Kirk releases second recovery video
U.S. Sen. Mark Kirk's office has released a second video of the Highland Park Republican, as he recovers from a stroke.
Mark Welsh | Staff Photographer
Those who know U.S. Sen. Mark Kirk understand he is a man of measurables.
The Highland Park Republican is well-known for the graphs and charts he totes along to town hall and editorial board meetings, illustrating government debt and spending. Of his detailed, fact-laden floor speeches, and of his orchestration of an Illinois GOP presidential straw poll last fall. Months after suffering an ischemic stroke in January, Kirk was reportedly thrilled to see that a video detailing his recovery had more than 30,000 web hits.
So, of note Sunday, the senator's office released a second video showing the major strides Kirk taken in recent months — including his walking a total of 14.79 miles and climbing 145 flights of stairs.
Kirk, in the YouTube video, calls the progress he is making as "very encouraging."
"Learning to walk again and improving my speaking skills, all due to the experts at the Rehabilitation Institute of Chicago," Kirk said.
Kirk, 52, has been in the care of the Rehabilitation Institute of Chicago for several months.
He details "exciting moments," including climbing every stair of the institute's building.
At the same time he is undergoing therapy, he says, he's been briefed daily by his staff, is keeping up with Senate emails and is meeting with other members of Congress, many who have visited from as far away as Washington.
On the morning of Jan. 21, Kirk was preparing to travel from Highland Park to a Chicago event when a headache and dizziness suddenly came on, an experience he wrote about in a May letter posted on his Senate website.
"The headache worsened as the morning progressed, but I wanted to keep to my work schedule. At 11 a.m., a member of my staff, Andrew Weissert, picked me up at my house in Highland Park to take me to a noon meeting of my Eastern European Advisory Board in Chicago," Kirk wrote in the letter. "In the car, I felt new symptoms — numbness in my hands and problems with my vision. I realized this was not a headache or even a migraine."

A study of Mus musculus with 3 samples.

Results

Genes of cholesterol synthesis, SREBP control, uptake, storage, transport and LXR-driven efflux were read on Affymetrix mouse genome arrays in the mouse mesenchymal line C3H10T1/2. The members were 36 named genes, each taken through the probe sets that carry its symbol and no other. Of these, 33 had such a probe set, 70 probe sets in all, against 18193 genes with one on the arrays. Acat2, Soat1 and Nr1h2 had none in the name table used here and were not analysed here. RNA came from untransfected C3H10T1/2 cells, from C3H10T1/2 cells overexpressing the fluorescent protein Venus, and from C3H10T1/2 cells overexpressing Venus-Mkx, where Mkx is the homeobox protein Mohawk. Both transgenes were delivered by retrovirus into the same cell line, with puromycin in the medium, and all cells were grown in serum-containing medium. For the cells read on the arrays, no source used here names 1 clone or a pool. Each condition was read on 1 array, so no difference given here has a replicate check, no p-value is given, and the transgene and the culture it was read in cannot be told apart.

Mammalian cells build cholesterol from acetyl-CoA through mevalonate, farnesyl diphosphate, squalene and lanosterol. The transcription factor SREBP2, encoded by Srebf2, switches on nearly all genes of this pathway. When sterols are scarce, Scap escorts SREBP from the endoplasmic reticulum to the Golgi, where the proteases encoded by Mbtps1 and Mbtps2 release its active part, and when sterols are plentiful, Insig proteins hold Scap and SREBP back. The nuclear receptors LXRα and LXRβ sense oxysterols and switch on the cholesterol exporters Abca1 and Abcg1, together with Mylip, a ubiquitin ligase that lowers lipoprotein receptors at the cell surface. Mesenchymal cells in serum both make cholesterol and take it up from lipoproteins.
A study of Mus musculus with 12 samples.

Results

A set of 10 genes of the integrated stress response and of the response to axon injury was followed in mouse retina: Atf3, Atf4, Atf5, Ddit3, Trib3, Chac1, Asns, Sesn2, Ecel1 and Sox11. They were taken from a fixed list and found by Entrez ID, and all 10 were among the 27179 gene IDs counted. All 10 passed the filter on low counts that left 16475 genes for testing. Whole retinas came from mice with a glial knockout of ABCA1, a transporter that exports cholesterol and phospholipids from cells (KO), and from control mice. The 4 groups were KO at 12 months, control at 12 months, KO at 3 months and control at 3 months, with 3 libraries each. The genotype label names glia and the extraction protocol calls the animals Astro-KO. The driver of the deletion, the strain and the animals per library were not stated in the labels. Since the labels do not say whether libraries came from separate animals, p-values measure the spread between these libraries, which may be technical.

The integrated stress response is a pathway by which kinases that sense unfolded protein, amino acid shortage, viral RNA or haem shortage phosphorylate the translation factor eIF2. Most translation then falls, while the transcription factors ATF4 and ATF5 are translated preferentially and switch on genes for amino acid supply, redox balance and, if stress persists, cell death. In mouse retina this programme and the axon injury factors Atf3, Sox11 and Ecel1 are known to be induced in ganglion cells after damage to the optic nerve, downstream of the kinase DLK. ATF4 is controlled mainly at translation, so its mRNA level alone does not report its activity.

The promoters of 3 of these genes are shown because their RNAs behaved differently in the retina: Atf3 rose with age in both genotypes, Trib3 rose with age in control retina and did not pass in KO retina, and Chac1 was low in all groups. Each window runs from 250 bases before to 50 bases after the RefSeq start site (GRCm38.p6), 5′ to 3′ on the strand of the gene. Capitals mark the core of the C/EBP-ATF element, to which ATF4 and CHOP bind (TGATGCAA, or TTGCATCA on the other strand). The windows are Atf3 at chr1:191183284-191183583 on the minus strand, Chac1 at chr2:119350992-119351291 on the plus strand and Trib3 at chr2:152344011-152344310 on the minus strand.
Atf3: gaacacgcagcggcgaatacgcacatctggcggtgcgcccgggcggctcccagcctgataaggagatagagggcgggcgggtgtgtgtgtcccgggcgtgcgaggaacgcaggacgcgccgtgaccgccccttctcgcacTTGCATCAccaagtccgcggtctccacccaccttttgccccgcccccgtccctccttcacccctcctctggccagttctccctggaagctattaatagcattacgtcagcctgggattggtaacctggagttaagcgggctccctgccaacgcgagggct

From the car, he called his doctor and friend Jay Alexander, who told the Naval Reserve officer and former 10th District congressman to "get to the emergency room at Lake Forest Hospital as soon as possible and he would meet me there."
Kirk's condition only worsened.
At Lake Forest, doctors discovered a carotid artery dissection in the right side of his neck, in which a flap of tissue blocked the flow of blood in the artery to the brain. They sent him by ambulance to Northwestern Memorial Hospital in Chicago,
A day later, surgeons temporarily removed a 4-inch by 8-inch portion of Kirk's skull to alleviate brain swelling. It later was put back.
At the time of his stroke, doctors predicted Kirk would recover his full mental abilities. But the stroke on the right side of his brain affected his left arm and leg, his surgeon, Dr. Richard Fessler, warned at the time.
Sunday's video shows Kirk climbing stairs with the help of therapists and walking on a treadmill and along a rail. Speaking head-on at the camera, he is also recorded making phone calls and drinking coffee. While he gestures frequently with his right arm and hand in the video, his left arm moves very little, and his left leg is shown in a brace.
Kirk has faced his recovery privately, but it has been evident for months that he is preparing to return to political life. His Senate term ends in 2016.
In recent weeks, he has visited with Republican congressional hopeful Rodney Davis of Taylorville, with Republican congresswoman Judy Biggert of Hinsdale, and Polish President Bronislaw Komorowski.